SCOUTING AROUND: Schools show appreciation for teachers
Carrie Ledford feels valued every day she walks in the door at Martins Creek Elementary/Middle School. She said the community, faculty and administration are all very supportive.
During Teacher Appreciation Week, she said they are always well-taken care of, but on May 9 she and 38 other teachers were surprised with a meal from The Lunch Bus provided by the school’s Parent Teacher Organization.
“To be treated to a food truck here in Martins Creek is very special,” said Ledford, a kindergarten teacher. She added that when you work in Martins Creek, it’s not easy to go out for lunch.
The school had different surprises each day of the week for teachers, assistant principal Jennifer Lugiewicz said.
“Each and every person here at MCS is a tremendously important part of the MCS family,” Lugiewicz said. “They inspire our students to achieve more than ever before, all while demonstrating a true passion for teaching and learning.”
Aerian Rayburn, an assistant pre-kindergarten teacher, was appreciative of the PTO for providing lunch.
“It’s really nice and very, very sweet of them,” she said.
Although they have no connection to the school itself, the owners of The Lunch Bus – Lisa (Chef Sway) and Larry Christman – were happy to support the teachers. Lisa once worked in the Palm Beach (Fla.) School District, and local residents have been supportive of their business.
“This is one way to give back,” Christman said. “We know they are underpaid and have a lot of challenges right now.”
Most schools celebrated their teachers during Teacher Appreciation Week. However, one Cherokee County school extended the celebration throughout the month.
Andrews Middle School Principal Julie Higdon said the school celebrated teachers all month with special lunches, professional massages and other activities. “I feel teachers should be honored every day,” she added.
On May 9, Higdon’s students got to show their appreciation by dressing up as their favorite teacher. Several students said it was hard to choose just one teacher as their favorite.
“All the teachers say they love us, and I know it’s true,” Zander White said. “All of them have helped me through rough times.”
He and fellow sixth-grader Emily Beauford dressed up as STEM teacher John Worden. Beauford was excited to see that she and Worden were both wearing a blue button-down shirt with a black T-shirt underneath since they didn’t plan their outfits.
She said Worden is known for wearing button-down shirts over a T-shirt, jeans and Converse sneakers. He is her favorite because of how he teaches.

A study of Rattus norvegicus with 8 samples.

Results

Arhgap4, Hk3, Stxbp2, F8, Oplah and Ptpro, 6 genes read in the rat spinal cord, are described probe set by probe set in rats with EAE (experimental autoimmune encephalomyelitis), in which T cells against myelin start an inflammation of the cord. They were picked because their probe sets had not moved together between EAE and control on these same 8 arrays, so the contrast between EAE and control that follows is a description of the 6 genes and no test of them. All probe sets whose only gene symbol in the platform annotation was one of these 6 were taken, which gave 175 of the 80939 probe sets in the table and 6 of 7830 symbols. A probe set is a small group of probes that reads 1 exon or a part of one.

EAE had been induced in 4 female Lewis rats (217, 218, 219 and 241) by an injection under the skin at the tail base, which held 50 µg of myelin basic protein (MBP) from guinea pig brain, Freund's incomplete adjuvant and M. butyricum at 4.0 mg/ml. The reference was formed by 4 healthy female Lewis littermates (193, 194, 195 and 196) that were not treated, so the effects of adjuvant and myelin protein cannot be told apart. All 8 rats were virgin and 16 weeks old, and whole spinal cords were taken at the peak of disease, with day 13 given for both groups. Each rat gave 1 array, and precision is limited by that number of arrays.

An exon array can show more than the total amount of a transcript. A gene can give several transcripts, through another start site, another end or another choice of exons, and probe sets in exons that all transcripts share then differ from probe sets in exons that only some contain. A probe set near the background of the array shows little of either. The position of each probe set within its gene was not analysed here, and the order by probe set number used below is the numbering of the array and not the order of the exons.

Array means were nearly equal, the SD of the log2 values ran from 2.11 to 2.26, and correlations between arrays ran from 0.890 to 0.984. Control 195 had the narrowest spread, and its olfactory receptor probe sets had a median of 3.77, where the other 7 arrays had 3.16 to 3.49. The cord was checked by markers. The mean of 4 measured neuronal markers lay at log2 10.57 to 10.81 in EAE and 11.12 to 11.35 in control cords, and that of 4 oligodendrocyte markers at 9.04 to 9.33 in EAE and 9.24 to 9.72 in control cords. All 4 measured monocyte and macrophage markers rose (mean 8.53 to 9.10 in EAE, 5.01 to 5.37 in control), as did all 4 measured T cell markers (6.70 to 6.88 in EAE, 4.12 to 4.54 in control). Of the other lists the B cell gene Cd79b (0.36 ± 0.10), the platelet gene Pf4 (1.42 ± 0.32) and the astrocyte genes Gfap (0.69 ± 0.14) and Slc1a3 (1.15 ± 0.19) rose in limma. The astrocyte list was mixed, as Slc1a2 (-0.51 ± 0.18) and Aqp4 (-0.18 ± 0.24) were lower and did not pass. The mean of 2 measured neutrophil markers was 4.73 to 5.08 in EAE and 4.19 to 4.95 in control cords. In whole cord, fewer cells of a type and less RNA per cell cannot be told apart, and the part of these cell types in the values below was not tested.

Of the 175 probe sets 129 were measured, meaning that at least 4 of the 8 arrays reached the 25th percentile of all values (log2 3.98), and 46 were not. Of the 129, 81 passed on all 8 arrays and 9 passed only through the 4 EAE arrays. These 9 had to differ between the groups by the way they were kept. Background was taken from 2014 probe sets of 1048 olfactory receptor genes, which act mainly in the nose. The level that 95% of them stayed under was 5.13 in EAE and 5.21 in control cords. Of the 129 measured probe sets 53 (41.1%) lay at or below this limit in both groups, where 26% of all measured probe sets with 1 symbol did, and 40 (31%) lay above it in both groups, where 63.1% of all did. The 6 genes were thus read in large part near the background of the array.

“He always tries to encourage me,” Beauford said. “My life is so hard sometimes. … When I’m in his class, I’m just relaxed.”
She said he also has taught her to use tools she never used before, like a sander and drill.
Many students dressed up as physical education teacher Brittany Rowland. Kylie Donaldson, a fifth-grade student, said even though Rowland is her favorite teacher because she lets them play games and go outside, the way she dresses made the decision easier between her and other teachers.
“All she does is dress sporty, and that’s what I do,” Donaldson said.
Students said they didn’t think dressing up as their teachers was enough to show how much they appreciate them.
“I call them heroes,” Beauford said. “Teachers are there for you in the biggest situations. I want to thank all the teachers in the world.”
Quilt donated to arts council
Each year, the Modern Quilt Guild challenges member guilds to create a charity quilt for QuiltCon, then donates the quilt to the charity of their choice. For the 2018 convention, the Southern Appalachian Modern Quilt Guild created “Sunshine Daze” to fit the Modern Traditionalism theme for the event.
The quilt was on display during the convention in Pasadena, Calif., in February, then donated to the Cherokee County Arts Council on Thursday.
“I’m super thrilled because I think quilting in itself is an art,” said Janelle Warren, the local guild’s co-vice president.
The quilt features three bright flowers, representing the three states members are from, on a white background that represents rail fences. About 23 members of the local guild worked on the quilt over five months, each taking home a few fabrics to piece together. The quilt was designed by Warren and Randy Chase, while the crystalline grande quilting was done by Denise Cornett.
David Vowell, director of the Cherokee County Arts Council, said the quilt will be on display in the Cultural Calendar Room of the Murphy Art Center throughout the rest of May. While accepting the quilt, he would like to plan a quilts-only exhibit featuring the work of the Valley River Arts Guild at the MAC in the near future.
Samantha Sinclair is the Scouting Around columnist for the Cherokee Scout. You can reach her by email, firstname.lastname@example.org; fax, 837-5832; or by leaving a message in the office at 837-5122.